The Pryor Times

Local News

November 2, 2013

The history of 911 in Mayes County

PRYOR, OK — Enhanced 911 has been around since the 1990s when the federal government set the system in place to assist first responders in an emergency situation. Enhanced dealt with landlines only and provided 911 dispatchers with a call back number and physical address of the caller.

When Mayes County began implementing Enhanced 911 in 2001, many residents received a change of address as the system wouldn’t accept route or box numbers.

The City of Pryor already had a 911 system through the Pryor Police Department. When the operation went county-wide, however, it was the Mayes Emergency Services Trust Authority that took on the dispatch duties.

“We were still located at the hospital then,” MESTA Director Rick Langkamp said.

Langkamp was named director of the county-wide ambulance service in 2003, getting only a few months on the job under his belt before the activation of the 911 system in September of the same year.

Since that time, MESTA has gone through tremendous change and growth. Headquarters is now located in the MidAmerica Industrial Park in a much larger, specially constructed building.

Initially, the 911 Center was located within the new building.

“We had several tornado close calls in those first years and finally, lightning struck the building and the mother board of the 911 center was destroyed,” Langkamp said. “It did about $90,000 worth of electrical damage.”

A decision was soon made to relocate the 911 center to a separate structure near the MESTA building.

“We got cost estimates and it was nearly a million dollars to build a building next door,” Langkamp.

Plan B was formulated and the result is an  F-5-certified safe room structure measuring 12 feet by 60 feet.

The 911 center was built by connecting five 12-foot by 12-foot concrete-walled safe rooms into one large structure. The cost was $35,000.

Another $35,000 was spent to complete the interior. After transferring all of the equipment, the total cost of the new facility, nicknamed “The Bunker,” was under $100,000.

With a solid foundation literally now in place, Langkamp and 911 Director Brandon Hawkins set to work to provide the center with state of the art capabilities.

Wireless 911 has been added to accomodate the vast increase in cell phone usage.

“Wireless works from a signal from the cell phone back to the cell tower which collects the data to give a location,” Langkamp said.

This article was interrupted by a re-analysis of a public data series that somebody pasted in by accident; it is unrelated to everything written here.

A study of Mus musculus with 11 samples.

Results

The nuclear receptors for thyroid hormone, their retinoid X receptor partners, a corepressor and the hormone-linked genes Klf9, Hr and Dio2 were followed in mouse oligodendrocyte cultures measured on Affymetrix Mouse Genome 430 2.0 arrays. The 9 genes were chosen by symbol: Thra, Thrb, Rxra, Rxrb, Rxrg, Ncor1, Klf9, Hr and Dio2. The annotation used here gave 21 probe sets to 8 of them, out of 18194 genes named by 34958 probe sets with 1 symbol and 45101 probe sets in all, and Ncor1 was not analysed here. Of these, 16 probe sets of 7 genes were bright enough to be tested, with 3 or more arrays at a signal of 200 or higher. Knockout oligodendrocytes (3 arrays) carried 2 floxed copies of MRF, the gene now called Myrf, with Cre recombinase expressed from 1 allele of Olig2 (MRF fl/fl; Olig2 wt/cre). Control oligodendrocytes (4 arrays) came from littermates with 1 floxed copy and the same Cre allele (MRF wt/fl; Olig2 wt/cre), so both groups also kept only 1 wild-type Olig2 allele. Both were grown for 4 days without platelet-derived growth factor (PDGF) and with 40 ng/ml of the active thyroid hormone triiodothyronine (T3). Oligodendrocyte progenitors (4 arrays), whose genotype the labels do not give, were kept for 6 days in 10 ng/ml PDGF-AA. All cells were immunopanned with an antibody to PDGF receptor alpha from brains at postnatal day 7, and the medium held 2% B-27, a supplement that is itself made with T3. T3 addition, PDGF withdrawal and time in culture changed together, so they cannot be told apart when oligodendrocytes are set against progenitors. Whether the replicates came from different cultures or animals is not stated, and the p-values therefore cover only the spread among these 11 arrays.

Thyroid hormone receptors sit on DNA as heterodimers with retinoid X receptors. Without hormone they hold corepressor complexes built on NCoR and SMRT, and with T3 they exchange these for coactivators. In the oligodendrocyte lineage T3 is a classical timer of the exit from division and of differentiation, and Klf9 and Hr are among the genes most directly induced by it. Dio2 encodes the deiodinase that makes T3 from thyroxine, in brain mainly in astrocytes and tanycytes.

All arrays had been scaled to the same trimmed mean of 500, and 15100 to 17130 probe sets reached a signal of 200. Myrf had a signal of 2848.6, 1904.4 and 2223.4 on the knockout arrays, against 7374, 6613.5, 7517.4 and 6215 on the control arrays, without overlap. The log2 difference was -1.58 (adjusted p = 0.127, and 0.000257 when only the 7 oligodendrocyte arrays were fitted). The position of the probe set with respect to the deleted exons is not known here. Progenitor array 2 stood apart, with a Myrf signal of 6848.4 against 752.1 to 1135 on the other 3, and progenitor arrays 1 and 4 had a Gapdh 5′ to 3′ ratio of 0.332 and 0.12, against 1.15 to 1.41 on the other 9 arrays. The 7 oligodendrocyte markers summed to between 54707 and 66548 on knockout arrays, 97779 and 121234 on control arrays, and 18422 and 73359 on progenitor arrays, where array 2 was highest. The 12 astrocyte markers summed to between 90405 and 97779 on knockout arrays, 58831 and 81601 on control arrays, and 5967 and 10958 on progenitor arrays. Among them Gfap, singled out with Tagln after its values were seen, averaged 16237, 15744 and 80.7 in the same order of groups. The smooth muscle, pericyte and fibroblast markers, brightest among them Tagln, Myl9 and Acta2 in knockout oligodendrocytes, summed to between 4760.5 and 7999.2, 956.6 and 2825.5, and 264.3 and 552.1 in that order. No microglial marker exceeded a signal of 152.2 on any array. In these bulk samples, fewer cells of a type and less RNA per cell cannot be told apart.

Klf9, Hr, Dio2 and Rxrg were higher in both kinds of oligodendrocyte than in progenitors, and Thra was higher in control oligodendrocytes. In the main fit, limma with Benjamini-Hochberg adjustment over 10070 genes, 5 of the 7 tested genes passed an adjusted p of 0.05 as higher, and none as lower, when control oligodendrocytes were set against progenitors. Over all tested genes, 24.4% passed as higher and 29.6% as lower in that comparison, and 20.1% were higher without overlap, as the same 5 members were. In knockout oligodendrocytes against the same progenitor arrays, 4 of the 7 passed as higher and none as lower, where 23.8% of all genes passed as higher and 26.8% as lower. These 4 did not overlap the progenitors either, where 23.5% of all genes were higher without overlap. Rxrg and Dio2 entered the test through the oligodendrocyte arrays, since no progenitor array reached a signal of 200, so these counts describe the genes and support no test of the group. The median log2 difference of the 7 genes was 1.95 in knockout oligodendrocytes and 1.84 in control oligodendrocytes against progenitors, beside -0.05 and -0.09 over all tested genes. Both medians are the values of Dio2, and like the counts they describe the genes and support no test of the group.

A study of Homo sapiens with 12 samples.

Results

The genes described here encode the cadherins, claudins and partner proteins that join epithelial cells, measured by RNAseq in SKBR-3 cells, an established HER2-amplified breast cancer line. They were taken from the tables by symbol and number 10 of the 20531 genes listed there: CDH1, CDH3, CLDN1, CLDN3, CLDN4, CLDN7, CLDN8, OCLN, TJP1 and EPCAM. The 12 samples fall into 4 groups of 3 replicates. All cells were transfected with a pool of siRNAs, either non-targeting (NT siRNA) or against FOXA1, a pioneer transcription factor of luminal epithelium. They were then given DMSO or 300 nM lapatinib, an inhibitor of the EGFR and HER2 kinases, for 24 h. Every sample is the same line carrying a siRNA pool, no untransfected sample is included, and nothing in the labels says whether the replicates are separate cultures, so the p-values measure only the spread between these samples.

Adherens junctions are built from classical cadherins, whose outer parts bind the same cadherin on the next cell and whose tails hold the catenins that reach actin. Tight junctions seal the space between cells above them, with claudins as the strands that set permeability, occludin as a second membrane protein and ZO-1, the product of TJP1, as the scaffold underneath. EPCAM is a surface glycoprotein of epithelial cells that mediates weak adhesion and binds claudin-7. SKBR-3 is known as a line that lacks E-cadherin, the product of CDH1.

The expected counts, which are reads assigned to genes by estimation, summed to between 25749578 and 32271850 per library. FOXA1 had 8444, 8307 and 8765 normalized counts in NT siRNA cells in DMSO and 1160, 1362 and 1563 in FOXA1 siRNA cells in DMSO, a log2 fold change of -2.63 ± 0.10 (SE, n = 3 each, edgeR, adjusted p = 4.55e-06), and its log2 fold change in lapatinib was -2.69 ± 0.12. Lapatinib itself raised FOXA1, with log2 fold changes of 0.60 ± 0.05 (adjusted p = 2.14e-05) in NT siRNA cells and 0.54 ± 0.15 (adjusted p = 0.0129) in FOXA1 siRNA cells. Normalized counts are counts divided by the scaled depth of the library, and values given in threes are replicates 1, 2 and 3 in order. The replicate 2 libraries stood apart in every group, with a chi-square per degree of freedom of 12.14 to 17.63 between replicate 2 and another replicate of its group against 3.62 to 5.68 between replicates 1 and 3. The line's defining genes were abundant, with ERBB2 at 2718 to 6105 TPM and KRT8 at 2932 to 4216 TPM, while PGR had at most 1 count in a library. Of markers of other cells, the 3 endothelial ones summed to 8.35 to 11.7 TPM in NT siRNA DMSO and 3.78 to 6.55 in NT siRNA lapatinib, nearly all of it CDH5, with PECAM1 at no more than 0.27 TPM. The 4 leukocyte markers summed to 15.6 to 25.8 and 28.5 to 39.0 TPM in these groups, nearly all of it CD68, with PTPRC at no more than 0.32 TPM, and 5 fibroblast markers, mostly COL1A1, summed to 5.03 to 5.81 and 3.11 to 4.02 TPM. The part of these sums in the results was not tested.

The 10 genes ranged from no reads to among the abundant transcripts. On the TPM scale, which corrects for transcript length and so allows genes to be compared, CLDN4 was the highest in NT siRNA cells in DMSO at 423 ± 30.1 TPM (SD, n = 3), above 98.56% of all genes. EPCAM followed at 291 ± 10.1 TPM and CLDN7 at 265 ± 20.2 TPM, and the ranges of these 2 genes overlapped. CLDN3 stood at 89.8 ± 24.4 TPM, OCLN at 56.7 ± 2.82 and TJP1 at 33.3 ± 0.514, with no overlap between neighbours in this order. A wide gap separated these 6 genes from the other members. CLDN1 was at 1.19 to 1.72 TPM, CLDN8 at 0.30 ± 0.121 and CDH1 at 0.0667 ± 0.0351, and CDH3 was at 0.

According to Langkamp, Phase One in Wireless 911 is the dispatcher being able to see what tower the signal comes from with a caller makes a 911 call.

Phase Two takes it a step further and shows the 911 dispatcher first the cell tower, then the specific location of the caller.

“The federal government made it a requirement that any cell phone manufactured 2004 and later would be Phase Two compliant or have a GPS chip,” Langkamp said. “Mayes County was one of the first counties in Oklahoma to become Phase Two compliant.”

Text messaging is the next step.

The software exists. Called NextGen, it is capable of receiving texts. The software was purchased last year for the 911 center to prepare for future technological advances.

“The phone companies along with new software have been tested around the U.S. for the past several years,” Langkamp said.

One issue is that there is no 10-digit number that is directly associated with a text, so the regular 911 systems could not receive a text.

Why text? Langkamp said in the wake of the Columbine school shootings, one concern was that kids were not able to make calls for fear of revealing their location to the shooters.

“If you or a child are hiding from an assailant, you can text without giving away your location,” he said. The software will also accomodate photos or short videos.

Future plans are to increase the service at the 911 center to a 10 Mb service.

“This would allow enough internet bandwidth and speed to do these futuristic things,” Langkamp said.

MESTA contracts with the Mayes County Commissioners to be the provider of 911 service to the county. Though Langkamp oversees MESTA’s involvement with the 911 center, day-to-day operations are the responsibility of Hawkins.

“I’m still just a pencil pusher,” Langkamp said. “I try to keep the political heat off of him so he can keep focus.”

County Commis-

sioner Ryan Ball said the Mayes County center often serves as a model to other counties researching the marriage of 911 and emergency medical services.

The City of Pryor still maintains the 911 center for the community, but all other county calls and wireless county-wide are routed through the 911 center at MESTA. The two serve as emergency backups for each other.

“We have as good a system as you can get without having every agency dispatch under the same roof,” Langkamp said, adding that sometimes technology is easier to achieve in areas with smaller population and demand.

“Our resources like MAIP, Google and GRDA have made it possible for Mayes County to see the future earlier than some of our neighboring counties,” he said.